Tainted Love by Jaimie Roberts



8 Years Ago


“I don’t want you to leave me,” I whine, hating how pathetic my voice sounds.

My brother steps forward, a small but sad smile curving his lips. Within touching distance, he loops his fingers through my hair and places a strand behind my ear, lightly cupping my chin with his thumb and forefinger, holding my stare.

“Dad will look after you. And if not him, Uncle will.”

I crane my neck behind me to make sure my parents aren’t within listening distance. My brother, now twenty-one, has decided that I’m old enough in my fifteen years to look after myself—to leave me with a mother who likes to drink herself into a stupor, and a father who—although nice enough to me—enables my mother’s habit because… well, I’m pretty sure he wants her dead. My brother always craved to join the army but stayed because of me. He stayed because he knew he would be the one and only one who could look after me properly. My mother can’t, and my father tries his best, but he once gave me food poisoning when he cooked dinner. My brother, after that, cooked whatever we could gather at the time, until I was old enough to take over that chore myself.

“You know I’ve wanted this for a while, Bri. You’ll be sixteen soon and doing your exams. The world is your oyster after that. Hell, you can even join me… if you want.”

He winks, ruffling my hair like I’m a child. When I complain, he chuckles under his breath.

“Joining the army has been your dream. Not mine.”

My brother glances over my shoulder towards our parents before his eyes land back on me. “It was a dream pushed on me.”

I nod my head, a wave of sadness encasing me. I understand why he wants to leave. I will do the same once I turn sixteen, take my exams, and get myself a job. Seven more months and I will be able to leave home.

I can’t wait.

“Just don’t forget about me.” My slightly raised eyebrows cause him to chuckle.

“Seriously, Bri, how could I ever forget you? You’re my only sister. It’s me who needs to worry about you. Without your protective brother around, all the boys will come flocking, asking you out on dates. You’ll forget all about me soon enough.”

I nudge his arm, scolding him. “Hey, that’ll never happen, and you know it.”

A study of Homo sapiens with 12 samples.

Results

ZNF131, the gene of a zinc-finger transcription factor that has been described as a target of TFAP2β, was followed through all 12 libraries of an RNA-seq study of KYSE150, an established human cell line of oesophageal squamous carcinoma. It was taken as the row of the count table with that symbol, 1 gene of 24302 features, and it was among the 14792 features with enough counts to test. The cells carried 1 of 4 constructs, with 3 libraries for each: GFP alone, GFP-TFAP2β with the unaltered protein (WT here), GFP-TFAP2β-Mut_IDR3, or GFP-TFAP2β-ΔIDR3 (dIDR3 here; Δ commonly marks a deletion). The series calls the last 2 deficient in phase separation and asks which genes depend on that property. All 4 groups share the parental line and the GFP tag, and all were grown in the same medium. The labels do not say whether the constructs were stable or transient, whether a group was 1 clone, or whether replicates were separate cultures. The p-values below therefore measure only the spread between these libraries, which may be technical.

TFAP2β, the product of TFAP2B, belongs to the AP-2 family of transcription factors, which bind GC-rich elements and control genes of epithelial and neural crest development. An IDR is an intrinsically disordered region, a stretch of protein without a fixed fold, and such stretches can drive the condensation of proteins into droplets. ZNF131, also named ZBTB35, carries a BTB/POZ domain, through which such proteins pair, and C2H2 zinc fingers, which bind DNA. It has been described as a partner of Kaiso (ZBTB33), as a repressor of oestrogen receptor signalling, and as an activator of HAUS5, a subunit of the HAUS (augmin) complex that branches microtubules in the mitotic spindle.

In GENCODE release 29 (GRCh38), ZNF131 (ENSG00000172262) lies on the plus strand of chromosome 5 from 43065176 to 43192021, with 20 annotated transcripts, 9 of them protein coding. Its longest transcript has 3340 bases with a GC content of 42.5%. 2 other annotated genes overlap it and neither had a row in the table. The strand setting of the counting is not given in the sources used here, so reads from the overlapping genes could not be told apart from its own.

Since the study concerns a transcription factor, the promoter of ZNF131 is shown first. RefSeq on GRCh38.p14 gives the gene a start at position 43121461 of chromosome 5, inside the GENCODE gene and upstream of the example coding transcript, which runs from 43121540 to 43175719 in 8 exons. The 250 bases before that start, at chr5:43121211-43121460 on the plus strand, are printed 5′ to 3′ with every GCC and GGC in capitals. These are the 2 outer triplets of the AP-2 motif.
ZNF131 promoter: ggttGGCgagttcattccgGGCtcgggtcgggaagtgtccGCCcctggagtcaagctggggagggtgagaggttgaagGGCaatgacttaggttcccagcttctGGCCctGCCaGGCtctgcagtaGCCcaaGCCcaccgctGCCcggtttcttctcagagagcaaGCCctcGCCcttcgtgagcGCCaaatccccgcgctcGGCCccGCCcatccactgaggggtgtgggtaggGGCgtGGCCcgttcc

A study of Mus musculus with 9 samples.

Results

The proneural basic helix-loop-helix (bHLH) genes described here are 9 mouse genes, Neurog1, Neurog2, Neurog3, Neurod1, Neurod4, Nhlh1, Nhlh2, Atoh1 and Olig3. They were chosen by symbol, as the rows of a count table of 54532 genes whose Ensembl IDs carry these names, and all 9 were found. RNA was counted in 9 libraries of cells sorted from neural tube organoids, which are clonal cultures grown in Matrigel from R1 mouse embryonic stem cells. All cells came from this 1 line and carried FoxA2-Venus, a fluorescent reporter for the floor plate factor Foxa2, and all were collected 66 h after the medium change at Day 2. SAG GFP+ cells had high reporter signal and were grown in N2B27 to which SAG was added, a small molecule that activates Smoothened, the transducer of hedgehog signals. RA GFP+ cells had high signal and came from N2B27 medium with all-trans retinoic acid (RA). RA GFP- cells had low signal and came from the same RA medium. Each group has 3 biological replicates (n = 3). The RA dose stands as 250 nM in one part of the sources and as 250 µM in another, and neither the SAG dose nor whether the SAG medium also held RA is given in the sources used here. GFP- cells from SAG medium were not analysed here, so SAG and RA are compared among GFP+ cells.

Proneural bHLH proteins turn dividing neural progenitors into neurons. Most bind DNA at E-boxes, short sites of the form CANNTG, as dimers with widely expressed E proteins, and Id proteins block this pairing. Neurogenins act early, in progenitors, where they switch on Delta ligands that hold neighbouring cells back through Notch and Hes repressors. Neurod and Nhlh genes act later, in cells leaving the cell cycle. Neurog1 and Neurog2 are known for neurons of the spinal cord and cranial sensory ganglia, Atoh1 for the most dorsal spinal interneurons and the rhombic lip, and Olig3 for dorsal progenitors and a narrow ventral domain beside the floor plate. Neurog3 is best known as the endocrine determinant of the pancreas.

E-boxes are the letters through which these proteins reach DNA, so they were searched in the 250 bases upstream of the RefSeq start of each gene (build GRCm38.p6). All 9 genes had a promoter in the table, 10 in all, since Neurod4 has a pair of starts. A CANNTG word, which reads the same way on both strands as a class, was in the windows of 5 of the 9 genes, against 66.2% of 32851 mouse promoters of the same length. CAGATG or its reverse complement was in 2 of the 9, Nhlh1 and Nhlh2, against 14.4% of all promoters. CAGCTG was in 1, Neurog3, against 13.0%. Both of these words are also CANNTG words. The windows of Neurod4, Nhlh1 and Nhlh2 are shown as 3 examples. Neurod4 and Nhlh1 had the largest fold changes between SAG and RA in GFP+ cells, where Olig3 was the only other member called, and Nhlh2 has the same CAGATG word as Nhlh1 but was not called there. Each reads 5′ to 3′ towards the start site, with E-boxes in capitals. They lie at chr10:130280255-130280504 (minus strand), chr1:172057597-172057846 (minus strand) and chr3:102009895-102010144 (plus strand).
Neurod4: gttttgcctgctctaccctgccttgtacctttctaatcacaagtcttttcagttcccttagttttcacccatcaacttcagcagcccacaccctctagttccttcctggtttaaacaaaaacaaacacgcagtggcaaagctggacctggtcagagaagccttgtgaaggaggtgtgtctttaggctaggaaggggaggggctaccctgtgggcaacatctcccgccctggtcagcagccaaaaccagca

My brother extends his arm out to me and produces his little finger. “Pinky promise?”

I giggle and shake my head before latching my little finger round his. Ever since I was a little girl, about six years old, we have been pinky promising things to each other.

“Pinky promise,” I reply, biting my lip. Fresh tears begin to sting my eyes, but I fight them because no matter how much I don’t want him to leave, I also want him to be free of this shithole life we’re in. When he first told me he was leaving to join the army, I had caused a scene, screaming and shouting, throwing things around the house. It was only when I calmed down that I realised what a selfish brat I was being. Just because I can’t be free just now, doesn’t mean my brother can’t. Besides, if he hadn’t joined now, he would have had to wait a few more months. I couldn’t do that to him—no matter how selfish I want to be.

Wrapping his big, strong arms around me, my brother pulls me in for a hug. “I’ll be back before you know it. And I’ll send money when I can so you can set yourself up somewhere. I promise. All this is as good for you as it is for me. Once you have your own place, I’ll come visit on my leave dates. We’ll have so much fun, you and I.” He pulls away before kissing me on the cheek. I grip his jacket, unable to let him go. I know I have to, but the selfish part of me is currently winning out.

“Right, everyone on the coach now!” a man in camouflage shouts. I look around, finding lots of people hugging, kissing, saying their goodbyes. I drown out the sniffles of the girlfriends. If I don’t, it won’t be long before I’m sobbing alongside them.

Just a few more minutes and he will be gone.

Just a few more minutes before I can cry.

“Take care of yourself, Son,” my dad says from behind me.

My brother smiles as he shakes his hand. “I will, Dad. Thanks.”

We both chance a look at my mother who, without my dad holding her, is swaying from the booze she’s been drinking since eight this morning. It’s currently ten, and apart from that, her only son is about to leave and join the army. You’d think she’d try and lay off the alcohol for him this one time. But no. Alcohol makes people selfish, and she’s as selfish as they come.